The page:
With the first leg of the 2020 FIBA Asia Qualifiers starting on Sunday against Indonesia, the Gilas Pilipinas program made several announcements during the buildup that were– interesting. The inclusion of new names and the omission of team main-stays has changed the look and feel of this iteration of the national team.
Some of the new names are already familiar to those who have been even casually monitoring the college scene, but two in particular are telling of the direction Gilas Pilipinas is taking starting with this leg of the tournament. We break down a few of the notable inclusions and what they bring to the team:
Mark Dickel as Gilas head coach
Toby Pavon: Mark Dickel’s announcement as head coach for Gilas Pilipinas in the upcoming FIBA window was met with– underwhelming response. People weren’t really excited by the choice neither were they completely reviled by it. There’s not much objection to him being named to this post, mainly because of his history with Gilas program director Tab Baldwin. Dickel has had close ties with Baldwin who is widely recognized to be a positive influence on any team he is involved with (see: Ateneo Blue Eagles).
However, there lack of excitement for the Dickel pick is because of his lack luster performance in the PBA. He was supposed to be the infusion of talent and basketball knowledge to pull TNT Ka Tropa out of their rut, and for the most part he has been that– except in the playoffs. Failing to come up with a single championship in three conferences, Mark Dickel’s prowess as a coach has come into question when it comes to the playoffs. He has shown that his style of play can be successful as seen in all the elimination round runs TNT had last season, constantly finishing on the top brackets.
Based on the players he chose for the final lineup to play in the coming leg of the FIBA tournament, it’s evident how he intends to run the team and how he’ll look to implement his system.
Toby Pavon: As seen in the past conferences of TNT Ka Tropa, Mark Dickel runs a Euro-ish offensive system that relies a lot on penetration and spacing. The best this system was ran was in the Commissioner’s Cup when TNT had Terrence Jones with them, running the picks off Jayson Castro. His offense depends a lot on having the ball handler be able to beat his man off the dribble or off the pick and roll, and then kicking it out to a shooter.
To over simplify, Dickel’s system is three and layups, space and pace. This makes the inclusion of players like Roger Pogoy and all the point guards in the lineup not surprising. He’s going to want an off-ball scorer like Pogoy playing off ball-dominant playmakers like Kiefer Ravena, Matt Nieto and Juan Gomez De Liano.
The most interesting picks are the small forwards, Thirdy and CJ, both of whom are athletic do-it-alls. Much like what Terrence Jones brought to the Ka Tropa in the Commissioner’s cup, expect a lot of forward-position playmaking from this system, especially from Thirdy.
One of the hallmarks of Dickel teams so far is their knack at exploiting mismatches and converting them into quick points. The youth, talent and tendencies of the players in the lineup all fit the mold of what he is trying to do. It will just be a matter of execution and adjustment when the tournament starts.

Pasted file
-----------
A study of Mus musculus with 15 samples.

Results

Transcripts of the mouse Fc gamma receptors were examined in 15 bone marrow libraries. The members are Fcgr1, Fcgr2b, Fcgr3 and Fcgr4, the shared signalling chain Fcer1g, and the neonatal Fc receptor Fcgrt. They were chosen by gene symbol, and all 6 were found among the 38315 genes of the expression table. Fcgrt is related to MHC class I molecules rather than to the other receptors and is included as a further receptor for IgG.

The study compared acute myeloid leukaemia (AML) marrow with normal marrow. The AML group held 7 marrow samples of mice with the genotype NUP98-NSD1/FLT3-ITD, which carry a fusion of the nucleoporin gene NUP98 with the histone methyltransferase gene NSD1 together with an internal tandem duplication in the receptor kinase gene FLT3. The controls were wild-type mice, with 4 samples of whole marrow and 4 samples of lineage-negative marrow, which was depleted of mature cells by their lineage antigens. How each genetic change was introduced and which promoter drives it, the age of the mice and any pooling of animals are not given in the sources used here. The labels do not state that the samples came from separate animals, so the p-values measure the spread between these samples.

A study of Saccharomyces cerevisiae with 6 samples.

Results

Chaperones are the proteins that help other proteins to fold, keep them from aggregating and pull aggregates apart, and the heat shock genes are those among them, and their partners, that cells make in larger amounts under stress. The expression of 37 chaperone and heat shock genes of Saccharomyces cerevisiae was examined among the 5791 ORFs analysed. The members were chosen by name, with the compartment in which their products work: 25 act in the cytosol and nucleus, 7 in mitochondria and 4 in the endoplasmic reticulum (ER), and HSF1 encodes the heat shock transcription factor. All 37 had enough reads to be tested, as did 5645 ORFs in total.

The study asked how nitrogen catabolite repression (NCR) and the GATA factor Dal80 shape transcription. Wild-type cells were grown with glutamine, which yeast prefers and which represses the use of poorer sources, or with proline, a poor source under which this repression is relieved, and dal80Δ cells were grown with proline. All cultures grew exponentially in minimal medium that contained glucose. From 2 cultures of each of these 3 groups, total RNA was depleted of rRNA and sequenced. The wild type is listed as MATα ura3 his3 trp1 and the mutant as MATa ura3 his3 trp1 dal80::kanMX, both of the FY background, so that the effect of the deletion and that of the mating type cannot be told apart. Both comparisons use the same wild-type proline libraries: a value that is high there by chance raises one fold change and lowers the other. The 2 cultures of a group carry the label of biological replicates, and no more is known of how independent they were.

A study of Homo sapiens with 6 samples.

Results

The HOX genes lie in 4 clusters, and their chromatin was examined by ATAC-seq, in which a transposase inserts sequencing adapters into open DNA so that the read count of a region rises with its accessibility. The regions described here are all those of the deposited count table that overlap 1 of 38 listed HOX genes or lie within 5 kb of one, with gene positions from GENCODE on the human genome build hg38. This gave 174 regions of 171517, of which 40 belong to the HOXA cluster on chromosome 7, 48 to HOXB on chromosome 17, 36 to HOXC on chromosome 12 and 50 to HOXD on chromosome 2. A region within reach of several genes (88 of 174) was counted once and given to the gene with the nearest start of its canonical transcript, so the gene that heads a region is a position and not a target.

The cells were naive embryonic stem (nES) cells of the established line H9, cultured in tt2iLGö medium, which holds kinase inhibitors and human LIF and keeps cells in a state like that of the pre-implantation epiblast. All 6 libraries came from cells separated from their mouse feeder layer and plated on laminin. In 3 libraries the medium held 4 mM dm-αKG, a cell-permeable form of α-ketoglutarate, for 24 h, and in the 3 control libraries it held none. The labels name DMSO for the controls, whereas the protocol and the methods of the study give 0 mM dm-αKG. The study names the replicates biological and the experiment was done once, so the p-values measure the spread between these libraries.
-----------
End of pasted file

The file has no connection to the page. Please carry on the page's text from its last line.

The Introduction of Dwight Ramos
Karlo Lovenia: The most glaring name in the recently released Gilas Final 12 was Dwight Ramos. His inclusion neither sparked excitement nor anger. The dominant emotion was confusion born out of legitimate curiosity. In the truest sense: Why was he put into this lineup?
Dwight is a mystery at this point. Outside of games with Ateneo’s Glory Be team and his three outings in the recently concluded NCAA-UAAP challenge, basketball fans haven’t had the opportunity to properly assess his game. He’s around 6’5” with a chiseled frame and an aura that screams rebel teenager’s dream. But in the basketball court, what exactly can he provide?
This was a brave move by Coach Mark Dickel to throw Dwight into the fire this early. Mind you, brave does not mean foolish. It’s safe to say the coaching staff has their reasons for already putting the mysterious prospect in the National Team. But there is always a sense of risk and chance involved when building a roster and picking players to serve a country. Once Dwight does introduce himself, then we’ll find out if the gamble was worth it.
Can this be the true start of the Gilas youth movement?
Karlo Lovenia: Program director Tab Baldwin used the term “long-term” to describe the logic behind the choice in the current Gilas pool. It’s warranted; most of the players in the team are either college players or recent graduates. The team captain, Kiefer Ravena, is just 26 years old. This entire team screams youth.
But the question is; is this going to be a true long-term program, or is the use of that term mere PR? Doubt continues to creep in the minds of basketball fans and you can’t blame them. We’ve seen this before with gimmicks like the Gilas 23 for 23 pool just a few years ago. Is the construction of this roster of players truly meant for basketball and not mere marketing?
Sending this much young talent in the FIBA Asia Cup qualifiers is a great start. How they perform will likely tell us whether the entire idea of a youth movement is plausible in the first place. Say, this young Gilas roster underperforms; it’s a possibility! Filipinos hope patience is practiced and the program isn’t suddenly flipped again. More than success, fans just want to see an actual program at work. And you can’t call yourself a program if you aren’t willing to fail then learn.